Block on Trump's Asylum Ban Upheld by Supreme Court
If you haven't been near a public school in the last few years, you may have missed out on one of the biggest public policy battles of the past decade: Common Core education standards. The Common Core State Standards Initiative seeks to set out a single, comprehensive set of standards of what every student should know in English and math in every grade, from Kindergarten to the senior year of high school. They've been adopted in 42 of the 50 states, but they face stiff resistance from some teachers and parents who reject the new standards and the increase in standardized testing that accompanies them.
But Common Core isn't just about education, testing, and college readiness -- it's also about the role of federal and local governments in education and, ultimately, about the law itself.
The proliferation of Common Core standards is heavily associated with the federal government, but Common Core is not the product of federal lawmaking. Instead, the idea of nationwide readiness standards first began to gain traction in the 1990s. The Common Core standards as we currently know them came together in 2008, when the National Governors Association and the Council Chief State School Officers concluded that states needed to upgrade their standards.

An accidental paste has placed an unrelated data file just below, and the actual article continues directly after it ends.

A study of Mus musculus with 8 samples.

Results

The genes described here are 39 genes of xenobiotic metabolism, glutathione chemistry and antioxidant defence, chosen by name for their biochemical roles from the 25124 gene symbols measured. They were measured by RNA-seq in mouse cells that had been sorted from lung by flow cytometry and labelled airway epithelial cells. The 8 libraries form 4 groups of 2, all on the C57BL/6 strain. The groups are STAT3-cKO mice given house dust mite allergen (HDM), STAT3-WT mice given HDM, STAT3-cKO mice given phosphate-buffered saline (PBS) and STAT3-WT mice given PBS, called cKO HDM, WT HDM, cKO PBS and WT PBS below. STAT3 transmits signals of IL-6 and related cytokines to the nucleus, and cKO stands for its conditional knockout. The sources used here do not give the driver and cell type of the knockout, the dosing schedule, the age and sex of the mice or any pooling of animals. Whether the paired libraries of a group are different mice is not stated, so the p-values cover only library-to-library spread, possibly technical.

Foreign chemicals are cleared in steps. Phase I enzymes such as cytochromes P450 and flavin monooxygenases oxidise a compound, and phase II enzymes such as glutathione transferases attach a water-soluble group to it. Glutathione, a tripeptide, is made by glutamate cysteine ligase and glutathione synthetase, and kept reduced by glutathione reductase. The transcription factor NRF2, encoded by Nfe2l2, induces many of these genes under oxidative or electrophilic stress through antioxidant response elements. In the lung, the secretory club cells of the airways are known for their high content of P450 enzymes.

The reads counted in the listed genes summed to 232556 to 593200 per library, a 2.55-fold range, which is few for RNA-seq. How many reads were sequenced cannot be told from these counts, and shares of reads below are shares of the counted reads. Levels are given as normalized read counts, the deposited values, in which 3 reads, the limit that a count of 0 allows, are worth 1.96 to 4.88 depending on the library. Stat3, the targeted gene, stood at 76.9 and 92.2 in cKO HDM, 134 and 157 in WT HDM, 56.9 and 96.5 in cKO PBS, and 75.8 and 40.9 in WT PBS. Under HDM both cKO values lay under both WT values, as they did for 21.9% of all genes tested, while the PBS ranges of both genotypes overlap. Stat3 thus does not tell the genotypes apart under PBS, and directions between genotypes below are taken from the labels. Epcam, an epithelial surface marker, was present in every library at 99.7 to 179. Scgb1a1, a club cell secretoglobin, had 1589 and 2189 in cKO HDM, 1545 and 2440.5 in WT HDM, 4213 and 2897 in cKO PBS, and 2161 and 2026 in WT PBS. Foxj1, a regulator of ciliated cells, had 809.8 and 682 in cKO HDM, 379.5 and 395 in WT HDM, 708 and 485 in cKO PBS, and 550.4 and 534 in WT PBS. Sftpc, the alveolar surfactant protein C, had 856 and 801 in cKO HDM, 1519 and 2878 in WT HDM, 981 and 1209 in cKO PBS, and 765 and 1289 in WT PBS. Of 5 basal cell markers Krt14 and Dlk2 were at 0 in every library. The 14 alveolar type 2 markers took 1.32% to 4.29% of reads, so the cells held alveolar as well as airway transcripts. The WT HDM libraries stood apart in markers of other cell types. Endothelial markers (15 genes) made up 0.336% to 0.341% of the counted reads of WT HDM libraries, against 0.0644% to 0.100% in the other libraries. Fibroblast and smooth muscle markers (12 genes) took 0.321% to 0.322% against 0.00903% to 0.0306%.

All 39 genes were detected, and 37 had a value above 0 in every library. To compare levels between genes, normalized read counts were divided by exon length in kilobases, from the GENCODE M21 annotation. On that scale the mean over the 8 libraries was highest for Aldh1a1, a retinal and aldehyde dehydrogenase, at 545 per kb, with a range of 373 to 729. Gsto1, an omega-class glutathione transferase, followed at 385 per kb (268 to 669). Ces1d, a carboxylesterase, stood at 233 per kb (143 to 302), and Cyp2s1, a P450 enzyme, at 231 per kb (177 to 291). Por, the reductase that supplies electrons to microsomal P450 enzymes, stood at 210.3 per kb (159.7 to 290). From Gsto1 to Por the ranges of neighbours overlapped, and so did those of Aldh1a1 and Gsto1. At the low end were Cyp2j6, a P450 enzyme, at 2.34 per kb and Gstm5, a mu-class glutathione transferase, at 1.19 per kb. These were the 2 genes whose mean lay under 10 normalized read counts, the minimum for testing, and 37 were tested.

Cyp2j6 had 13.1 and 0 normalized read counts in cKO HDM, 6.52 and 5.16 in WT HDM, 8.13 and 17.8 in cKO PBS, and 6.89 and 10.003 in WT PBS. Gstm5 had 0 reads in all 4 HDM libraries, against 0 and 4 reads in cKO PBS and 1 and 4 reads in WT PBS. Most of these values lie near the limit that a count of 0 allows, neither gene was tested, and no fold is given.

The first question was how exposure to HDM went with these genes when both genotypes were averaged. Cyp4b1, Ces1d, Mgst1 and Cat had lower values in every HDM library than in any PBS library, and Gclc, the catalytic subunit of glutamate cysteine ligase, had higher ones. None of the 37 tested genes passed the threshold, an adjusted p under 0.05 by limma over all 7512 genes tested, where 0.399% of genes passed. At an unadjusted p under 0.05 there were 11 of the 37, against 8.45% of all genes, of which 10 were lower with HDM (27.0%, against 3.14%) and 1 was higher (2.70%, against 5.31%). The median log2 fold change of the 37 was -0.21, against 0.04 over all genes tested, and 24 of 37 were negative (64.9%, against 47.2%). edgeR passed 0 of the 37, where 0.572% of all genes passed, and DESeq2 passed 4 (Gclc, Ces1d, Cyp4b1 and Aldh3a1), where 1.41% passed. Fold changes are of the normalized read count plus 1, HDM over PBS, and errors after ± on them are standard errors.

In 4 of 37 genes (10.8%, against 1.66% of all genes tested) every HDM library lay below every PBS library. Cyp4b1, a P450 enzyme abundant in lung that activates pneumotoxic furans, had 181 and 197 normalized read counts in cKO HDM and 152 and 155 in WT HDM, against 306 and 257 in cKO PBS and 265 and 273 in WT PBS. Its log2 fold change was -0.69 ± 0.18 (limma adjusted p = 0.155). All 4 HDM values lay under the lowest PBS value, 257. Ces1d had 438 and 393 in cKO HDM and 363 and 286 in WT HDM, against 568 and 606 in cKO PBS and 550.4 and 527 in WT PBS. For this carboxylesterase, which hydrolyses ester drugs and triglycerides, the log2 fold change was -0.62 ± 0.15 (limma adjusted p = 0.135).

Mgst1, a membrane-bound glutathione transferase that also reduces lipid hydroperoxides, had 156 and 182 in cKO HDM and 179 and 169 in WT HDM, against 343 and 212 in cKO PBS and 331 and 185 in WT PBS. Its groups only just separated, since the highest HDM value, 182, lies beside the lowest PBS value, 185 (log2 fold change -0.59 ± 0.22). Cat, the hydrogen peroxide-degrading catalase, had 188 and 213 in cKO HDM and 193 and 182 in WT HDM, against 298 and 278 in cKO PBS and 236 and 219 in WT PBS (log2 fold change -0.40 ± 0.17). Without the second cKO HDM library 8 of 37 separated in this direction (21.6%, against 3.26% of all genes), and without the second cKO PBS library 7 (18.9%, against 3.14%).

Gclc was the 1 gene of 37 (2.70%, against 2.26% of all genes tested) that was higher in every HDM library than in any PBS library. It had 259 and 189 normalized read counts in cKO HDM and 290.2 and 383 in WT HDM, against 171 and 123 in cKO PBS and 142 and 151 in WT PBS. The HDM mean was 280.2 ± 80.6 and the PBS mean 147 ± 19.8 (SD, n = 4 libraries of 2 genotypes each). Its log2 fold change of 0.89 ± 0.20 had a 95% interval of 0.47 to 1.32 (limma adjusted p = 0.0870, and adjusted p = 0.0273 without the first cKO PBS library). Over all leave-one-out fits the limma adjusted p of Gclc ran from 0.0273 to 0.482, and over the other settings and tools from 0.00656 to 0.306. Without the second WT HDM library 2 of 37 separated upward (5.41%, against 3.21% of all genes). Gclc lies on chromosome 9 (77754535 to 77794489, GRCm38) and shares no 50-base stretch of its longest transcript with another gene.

Common Core standards were quickly adopted by states, often to qualify for federal grants under President Obama's "Race to the Top" program, or in exchange for waivers to certain "No Child Left Behind" requirements. Standardized tests, administered by two main testing consortiums, are used to ensure that Common Core goals are being meant.
Government backing led to the widespread adoption of the standards over a few short years. That was followed by an equally wide backlash, as parents and pedagogues worried that too much time was being spent "teaching to the test." In Florida, for example, 60 to 80 days of the 180-day school year were to be dedicated to standardized testing. Such an emphasis on tests has led some states to retract their initial support, while students who perform poorly on the tests worry that their graduation prospects could be delayed.
The experience in Ohio is illustrative. After adopting Common Core in 2010, Ohio withdrew from Common Core testing in 2015, with the state General Assembly officially nullifying any Common Core standardized testing done that year. In other states, parents have organized boycotts of the Common Core tests, keeping their children home on testing days. In New York State, more than 55,000 students boycotted the 2014 tests.
Despite the controversy, Common Core hasn't disappeared. As the debate about college preparedness and standardized testing continues to play out, attorneys will want to stay informed and up-to-date on the latest developments. Aspatore's new special report can help you do just that. (Disclosure: Aspatore is FindLaw's sister company.)
"Common Core Learning Standards: Drawing Battle Lines in K-12 Public Education" surveys the landscape of the Common Core dispute, covering everything from the basic requirements of Common Core to how different states are responding to the controversy. Written by leaders in education and education law, it's the perfect crib sheet for legal professionals looking to catch up on the debate -- and to see what might be coming next.